Why Pumpkin Was The Crux Of Early American Brewing

When you think of pumpkins today, what likely comes to mind is jack-o-lantern, seasonal lattes, and pies. It is a fruit commonly harvested in the autumn and is often associated with Halloween, sweets, and harvest dishes. Most people don't normally think of beer, even if they love all things Oktoberfest. But for a long time, that's exactly what Americans did think of! At least, they did back when the United States was still a British colony.

Let's back up. Why pumpkins? Why did colonists not use wheat or barley? As per usual, it all comes down to resources. Malt plants were difficult to grow on the East Coast because it was incredibly difficult to farm in the stony Northeastern terrain when the land was first colonized. So settlers had to make do with plants native to the Americas like the pumpkin (via SoilsMatter). According to Craft Beer & Brewing, the flesh of the squash was filled with sugars that made for an equitable replacement for traditional grains. Pumpkin ale was also used as an ingredient in old-timey cocktails and was serenaded in one of the first recorded folk songs. It went a little something like: "If barley be wanting to make into malt // We must be contented and think it no fault // For we can make liquor, to sweeten our lips, // Of pumpkins and parsnips and walnut-tree chips ... " (via Serious Eats).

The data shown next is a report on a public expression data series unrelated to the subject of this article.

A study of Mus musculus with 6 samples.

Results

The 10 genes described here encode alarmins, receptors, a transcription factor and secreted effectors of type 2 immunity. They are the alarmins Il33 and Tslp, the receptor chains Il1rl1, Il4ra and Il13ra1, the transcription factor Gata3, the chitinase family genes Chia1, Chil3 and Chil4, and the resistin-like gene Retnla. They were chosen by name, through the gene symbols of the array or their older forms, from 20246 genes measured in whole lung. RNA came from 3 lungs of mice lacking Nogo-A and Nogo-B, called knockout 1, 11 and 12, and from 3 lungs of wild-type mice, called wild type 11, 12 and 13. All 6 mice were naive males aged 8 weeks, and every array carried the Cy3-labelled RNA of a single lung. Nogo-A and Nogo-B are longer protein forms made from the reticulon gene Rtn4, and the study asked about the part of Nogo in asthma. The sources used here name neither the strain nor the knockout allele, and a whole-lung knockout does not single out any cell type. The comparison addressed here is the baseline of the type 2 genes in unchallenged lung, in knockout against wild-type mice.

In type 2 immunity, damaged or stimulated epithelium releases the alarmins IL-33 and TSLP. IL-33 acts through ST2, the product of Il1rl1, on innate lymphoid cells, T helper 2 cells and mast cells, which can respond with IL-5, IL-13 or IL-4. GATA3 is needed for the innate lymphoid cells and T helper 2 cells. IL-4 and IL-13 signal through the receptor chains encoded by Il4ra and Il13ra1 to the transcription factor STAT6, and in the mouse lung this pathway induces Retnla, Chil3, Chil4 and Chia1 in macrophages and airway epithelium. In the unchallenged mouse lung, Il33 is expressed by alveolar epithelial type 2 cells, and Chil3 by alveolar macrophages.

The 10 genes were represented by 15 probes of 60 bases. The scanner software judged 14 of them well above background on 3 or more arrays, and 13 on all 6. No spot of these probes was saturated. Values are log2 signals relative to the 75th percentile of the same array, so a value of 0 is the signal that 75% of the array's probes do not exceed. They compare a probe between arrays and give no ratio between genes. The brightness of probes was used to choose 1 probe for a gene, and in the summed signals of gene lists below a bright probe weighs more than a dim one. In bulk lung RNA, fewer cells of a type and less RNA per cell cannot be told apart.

Pumpkin beer is still around today

There is a difference between beer brewed with pumpkin and what we think of as "pumpkin beer" or ale that contains the same spices we use in pumpkin pie. A lot of commercial pumpkin beer doesn't have pumpkin in it at all, but spices that make it taste like that. Buffalo Bill's Brewery in California created a pumpkin beer after reportedly hearing that it was popular amongst founding fathers (via Matador Network).

Looking to get back to their roots, Buffalo Bill's Brewery mixed baked squash in with their malt, producing what is technically a pumpkin beer, but the thing is, pumpkin beer tastes like any other grain-based beer. What we've done to make pumpkin beer actually tastes how we imagine "pumpkin" — like pumpkin pie and pumpkin lattes — is by adding a blend of pumpkin pie spices such as nutmeg, ginger, cinnamon, cloves, and allspice into the brew (via Beer&Brewing). Pumpkin beer is super popular due to the addition of these spices, and though it isn't necessary to actually use pumpkin during fermentation anymore, it's done to honor the old method and add a touch of authenticity to pumpkin beer brands.